Most people know that a lack of sleep can make you grumpy, cause your skin to age more rapidly and affect your concentration, but sleep deprivation can also seriously impede your ability to drive safely with fatigue a being major factor in up to 1 in 5 road crashes.
According to experts, remaining awake for periods in excess of 18 hours can even impair abilities to a degree that is comporable to exceeding the drink drive limit in many countries. A Ford-commissioned “Sleep Suit” now enables wearers to experience in a safe environment the debilitating effects that tiredness can have.
“We added special goggles to replicate microsleeps; an uncontrollable response to tiredness that can mean driving blind for 10 seconds or more, even while your eyes are still open,” said Dr Gundolf Meyer‑Hentschel, CEO, Meyer‑Hentschel Institute, who developed the “Sleep Suit”. “I wouldn’t want to drive, or get in a car with someone, at this level of sleep deprivation and the hope is those who experience it will go away with a greater respect for the importance of sleep.”
Connected to a smartphone app, the goggles can be set to simulate the brain shutting down and the driver effectively seeing nothing ahead of them for half a second, then for increasingly longer periods, up to 10 seconds. Worn together with a specially designed cap, vest, arm and ankle bands – with a combined weight of more than 18 kilogrammes – the overall effect offers an insight into the degree to which tired drivers are impaired.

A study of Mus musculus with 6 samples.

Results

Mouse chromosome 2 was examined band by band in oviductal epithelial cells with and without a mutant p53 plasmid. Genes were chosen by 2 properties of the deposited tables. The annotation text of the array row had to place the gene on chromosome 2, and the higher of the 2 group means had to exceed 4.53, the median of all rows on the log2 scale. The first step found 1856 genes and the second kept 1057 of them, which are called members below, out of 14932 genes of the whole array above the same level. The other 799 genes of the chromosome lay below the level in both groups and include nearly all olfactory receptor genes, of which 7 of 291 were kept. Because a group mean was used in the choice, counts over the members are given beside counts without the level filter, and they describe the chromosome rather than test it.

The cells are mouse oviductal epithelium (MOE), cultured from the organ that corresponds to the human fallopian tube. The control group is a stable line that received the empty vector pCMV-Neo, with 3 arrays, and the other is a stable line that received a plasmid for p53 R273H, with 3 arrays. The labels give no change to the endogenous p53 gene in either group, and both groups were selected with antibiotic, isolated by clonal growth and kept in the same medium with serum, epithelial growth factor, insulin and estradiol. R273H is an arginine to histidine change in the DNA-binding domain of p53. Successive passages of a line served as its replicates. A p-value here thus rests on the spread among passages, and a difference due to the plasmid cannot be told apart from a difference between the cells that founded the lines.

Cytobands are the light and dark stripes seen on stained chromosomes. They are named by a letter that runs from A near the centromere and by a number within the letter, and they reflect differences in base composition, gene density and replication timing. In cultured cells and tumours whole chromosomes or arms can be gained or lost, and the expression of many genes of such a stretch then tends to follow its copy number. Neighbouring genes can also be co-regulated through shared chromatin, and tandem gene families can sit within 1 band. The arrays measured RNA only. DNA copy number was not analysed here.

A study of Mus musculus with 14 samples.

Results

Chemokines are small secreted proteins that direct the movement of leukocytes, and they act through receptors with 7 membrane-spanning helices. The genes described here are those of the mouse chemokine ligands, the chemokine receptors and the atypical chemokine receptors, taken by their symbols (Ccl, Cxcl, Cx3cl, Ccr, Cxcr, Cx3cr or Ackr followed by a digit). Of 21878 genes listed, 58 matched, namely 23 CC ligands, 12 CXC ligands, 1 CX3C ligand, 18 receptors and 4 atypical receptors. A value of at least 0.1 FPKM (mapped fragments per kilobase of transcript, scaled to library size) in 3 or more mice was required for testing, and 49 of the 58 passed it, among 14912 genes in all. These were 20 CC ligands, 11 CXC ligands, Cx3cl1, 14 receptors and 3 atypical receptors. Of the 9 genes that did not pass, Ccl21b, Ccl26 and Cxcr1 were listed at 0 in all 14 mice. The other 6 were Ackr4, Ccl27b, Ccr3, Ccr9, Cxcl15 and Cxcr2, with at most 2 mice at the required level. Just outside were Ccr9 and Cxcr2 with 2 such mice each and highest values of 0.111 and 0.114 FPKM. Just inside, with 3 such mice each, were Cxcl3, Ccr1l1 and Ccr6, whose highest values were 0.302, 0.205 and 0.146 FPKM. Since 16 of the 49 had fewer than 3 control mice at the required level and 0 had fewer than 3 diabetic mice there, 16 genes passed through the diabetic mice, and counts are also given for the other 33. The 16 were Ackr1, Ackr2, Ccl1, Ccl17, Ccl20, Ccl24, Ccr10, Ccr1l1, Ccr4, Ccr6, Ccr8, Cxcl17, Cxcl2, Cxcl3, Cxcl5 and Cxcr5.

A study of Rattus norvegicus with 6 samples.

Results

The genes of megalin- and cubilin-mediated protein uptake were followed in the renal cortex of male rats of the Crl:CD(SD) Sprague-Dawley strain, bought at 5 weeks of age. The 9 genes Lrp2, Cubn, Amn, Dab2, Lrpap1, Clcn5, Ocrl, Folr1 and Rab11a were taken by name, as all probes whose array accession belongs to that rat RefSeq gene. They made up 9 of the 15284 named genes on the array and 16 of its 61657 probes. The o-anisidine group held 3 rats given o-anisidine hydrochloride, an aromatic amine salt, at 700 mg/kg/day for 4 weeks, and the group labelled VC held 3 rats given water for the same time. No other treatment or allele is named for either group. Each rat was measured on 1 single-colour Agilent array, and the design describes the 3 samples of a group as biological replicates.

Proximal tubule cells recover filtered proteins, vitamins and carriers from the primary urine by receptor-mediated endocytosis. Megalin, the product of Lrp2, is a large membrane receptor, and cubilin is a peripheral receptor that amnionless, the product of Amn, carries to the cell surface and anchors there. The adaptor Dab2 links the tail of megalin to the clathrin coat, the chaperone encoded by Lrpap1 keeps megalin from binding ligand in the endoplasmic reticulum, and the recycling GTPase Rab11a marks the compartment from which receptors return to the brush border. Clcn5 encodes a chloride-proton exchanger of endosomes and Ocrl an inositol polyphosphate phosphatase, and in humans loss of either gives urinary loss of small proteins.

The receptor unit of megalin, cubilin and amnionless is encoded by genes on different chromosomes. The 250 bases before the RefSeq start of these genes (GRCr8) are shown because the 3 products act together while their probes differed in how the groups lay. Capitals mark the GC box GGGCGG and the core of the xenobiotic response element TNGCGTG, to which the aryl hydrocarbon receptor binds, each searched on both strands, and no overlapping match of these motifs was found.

“Sobering up is the only cure for being over the legal alcohol limit to drive and sleep really is the only cure for tiredness. Pulling over when it’s safe to do so, then having a caffeinated drink and napping for 20 minutes can make a life or death difference, and if that doesn’t work then you should really find another way home,” added Dr Gundolf.
Transport accidents are the leading cause of death among young people, and in 2019 Ford is integrating training with the suit into its Ford Driving Skills for Life (Ford DSFL), a free young driver training programme for 17- to 24-year-olds.